Buoyant returns, lax productivity. How to solve the UK’s manufacturing puzzle

by Heat Recruitment

By Rose Kells

Productivity, productivity, productivity. Hearkening back to the rallying calls of Tony Blair in the mid 1990s, productivity is one of the most significant challenges facing the UK today – particularly within manufacturing.

The UK’s automotive sector, for example, has just marked its seventh consecutive year of growth – achieving a turnover of £77.5bn in 2016. The highest figure on record. Productivity, it was reported, was also at a record high – with 11.8 vehicles produced per employee. So, with this heady turnover, and higher productivity levels than ever, why is the UK still lagging behind its G7 counterparts?

Indeed, the UK is now a full 15.1% behind the average for the rest of the G7. Philip Wales, head of productivity at the Office for National Statistics (ONS) stated: “This lower level of productivity was evident across all industries, although the size of the gap varies considerably.” Increasing the UK average productivity – just to the national average for G7 nations, would equate to a turnover of £89.2bn. The UK is missing out on just under £12bn just due to a lack of productivity.

To address this issue, in a recent pre-budget announcement, the UK government announced plans to boost R&D spending to 2.4% of GDP by 2027. In essence, this will raise spending to a total of £12.5bn per year. In addition, the government announced intentions to increase private spending, hoping to increase the total R&D spend to as much as £80bn. Productivity is a clear indicator of economic growth – an indicator that is front of mind for a solution. So, what can be done?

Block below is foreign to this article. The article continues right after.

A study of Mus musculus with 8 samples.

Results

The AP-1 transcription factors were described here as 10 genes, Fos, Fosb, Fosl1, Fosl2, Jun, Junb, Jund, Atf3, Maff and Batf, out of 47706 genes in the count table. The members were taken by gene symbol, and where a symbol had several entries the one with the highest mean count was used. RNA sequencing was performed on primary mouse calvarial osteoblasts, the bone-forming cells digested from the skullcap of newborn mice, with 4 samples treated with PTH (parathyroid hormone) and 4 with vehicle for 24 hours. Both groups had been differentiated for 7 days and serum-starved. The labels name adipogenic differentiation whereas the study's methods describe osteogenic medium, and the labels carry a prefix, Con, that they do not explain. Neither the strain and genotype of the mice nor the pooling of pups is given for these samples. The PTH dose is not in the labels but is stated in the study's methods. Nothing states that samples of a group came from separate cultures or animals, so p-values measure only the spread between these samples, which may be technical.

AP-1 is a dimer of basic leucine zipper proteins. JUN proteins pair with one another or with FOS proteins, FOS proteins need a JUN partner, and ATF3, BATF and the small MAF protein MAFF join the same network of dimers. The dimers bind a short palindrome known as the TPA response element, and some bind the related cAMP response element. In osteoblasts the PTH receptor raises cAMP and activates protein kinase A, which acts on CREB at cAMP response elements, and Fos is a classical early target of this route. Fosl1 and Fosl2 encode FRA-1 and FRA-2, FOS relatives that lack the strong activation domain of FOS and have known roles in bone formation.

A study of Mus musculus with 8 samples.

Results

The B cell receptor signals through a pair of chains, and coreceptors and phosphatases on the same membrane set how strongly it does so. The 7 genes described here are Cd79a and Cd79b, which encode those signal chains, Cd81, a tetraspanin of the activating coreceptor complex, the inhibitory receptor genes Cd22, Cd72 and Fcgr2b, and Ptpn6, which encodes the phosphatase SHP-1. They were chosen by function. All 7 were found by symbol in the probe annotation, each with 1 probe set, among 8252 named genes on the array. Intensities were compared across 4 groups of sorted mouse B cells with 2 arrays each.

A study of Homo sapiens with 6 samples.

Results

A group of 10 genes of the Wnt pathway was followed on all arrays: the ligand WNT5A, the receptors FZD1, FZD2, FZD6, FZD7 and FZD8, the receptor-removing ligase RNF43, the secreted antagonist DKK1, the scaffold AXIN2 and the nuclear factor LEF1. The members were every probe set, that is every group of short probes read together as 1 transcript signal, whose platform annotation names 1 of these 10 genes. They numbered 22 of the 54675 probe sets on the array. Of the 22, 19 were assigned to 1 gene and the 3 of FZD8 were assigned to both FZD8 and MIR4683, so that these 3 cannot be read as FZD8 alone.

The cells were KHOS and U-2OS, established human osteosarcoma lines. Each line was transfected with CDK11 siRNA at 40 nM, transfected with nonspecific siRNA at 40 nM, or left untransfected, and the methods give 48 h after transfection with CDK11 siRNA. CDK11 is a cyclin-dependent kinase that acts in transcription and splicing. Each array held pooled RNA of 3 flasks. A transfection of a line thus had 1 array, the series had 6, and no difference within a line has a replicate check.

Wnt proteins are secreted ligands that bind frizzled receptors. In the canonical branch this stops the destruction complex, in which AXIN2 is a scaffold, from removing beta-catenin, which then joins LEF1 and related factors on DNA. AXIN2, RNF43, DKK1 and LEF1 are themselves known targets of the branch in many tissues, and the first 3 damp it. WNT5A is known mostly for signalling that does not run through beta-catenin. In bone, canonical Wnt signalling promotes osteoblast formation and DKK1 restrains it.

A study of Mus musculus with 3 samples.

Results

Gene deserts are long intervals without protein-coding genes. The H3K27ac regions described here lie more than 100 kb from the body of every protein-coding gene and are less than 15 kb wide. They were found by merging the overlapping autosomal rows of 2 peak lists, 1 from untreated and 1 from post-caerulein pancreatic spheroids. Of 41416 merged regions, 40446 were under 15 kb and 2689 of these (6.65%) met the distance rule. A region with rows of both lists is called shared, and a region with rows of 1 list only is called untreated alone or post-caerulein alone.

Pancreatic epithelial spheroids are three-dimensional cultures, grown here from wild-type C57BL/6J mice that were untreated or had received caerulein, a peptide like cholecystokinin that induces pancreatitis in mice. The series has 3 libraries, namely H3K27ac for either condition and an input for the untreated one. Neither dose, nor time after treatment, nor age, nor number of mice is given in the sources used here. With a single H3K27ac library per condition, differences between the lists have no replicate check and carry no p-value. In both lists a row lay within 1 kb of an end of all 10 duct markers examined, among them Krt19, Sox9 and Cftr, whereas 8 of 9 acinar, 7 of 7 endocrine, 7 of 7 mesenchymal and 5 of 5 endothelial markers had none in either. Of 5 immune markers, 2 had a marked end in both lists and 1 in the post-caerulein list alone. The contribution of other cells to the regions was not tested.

Productivity is defined as output per hour worked. To increase the end figure, either output per hour, or hours worked must be increased. The former is the clear victor in terms of efficiency. The requirements then, sit with both the people working, and with the technology utilised.

To boost productivity in the first instance, upgraded technology is essential. The UK has a well-earned reputation for persisting with legacy technology – systems that are, in some cases, decades old. Robotics, therefore, offers a present, effective, and most importantly, available solution. Highlighting the gap the UK must bridge – Germany currently utilises more than 300 robotic systems per 10,000 employees. The UK uses just under 25% of this capacity – 71 per 10,000. The impact is telling.

On implementing new systems, the next step is to look at training. Educating existing staff on the optimal ways of using said technology. Effective use of Augmented Reality in factory design has already been proven to increase productivity in excess of 30%. Funding is already being made available for manufacturers to upskill their workforces, with courses involving lean manufacturing, maintenance diagnostics, and even welding. The avenues to greater productivity undoubtedly exist – the time has come to invest in these strategies and secure future growth.

With Brexit on the horizon, the UK is in dire need of a productivity boost to ensure its success. Currently, whilst figures are indeed heading in the right direction, it is clear that this growth is being achieved from a place of ineffective practice. By bringing the UK’s productivity at least up to the average for the G7, the UK’s manufacturing sector will be able to perform at its peak.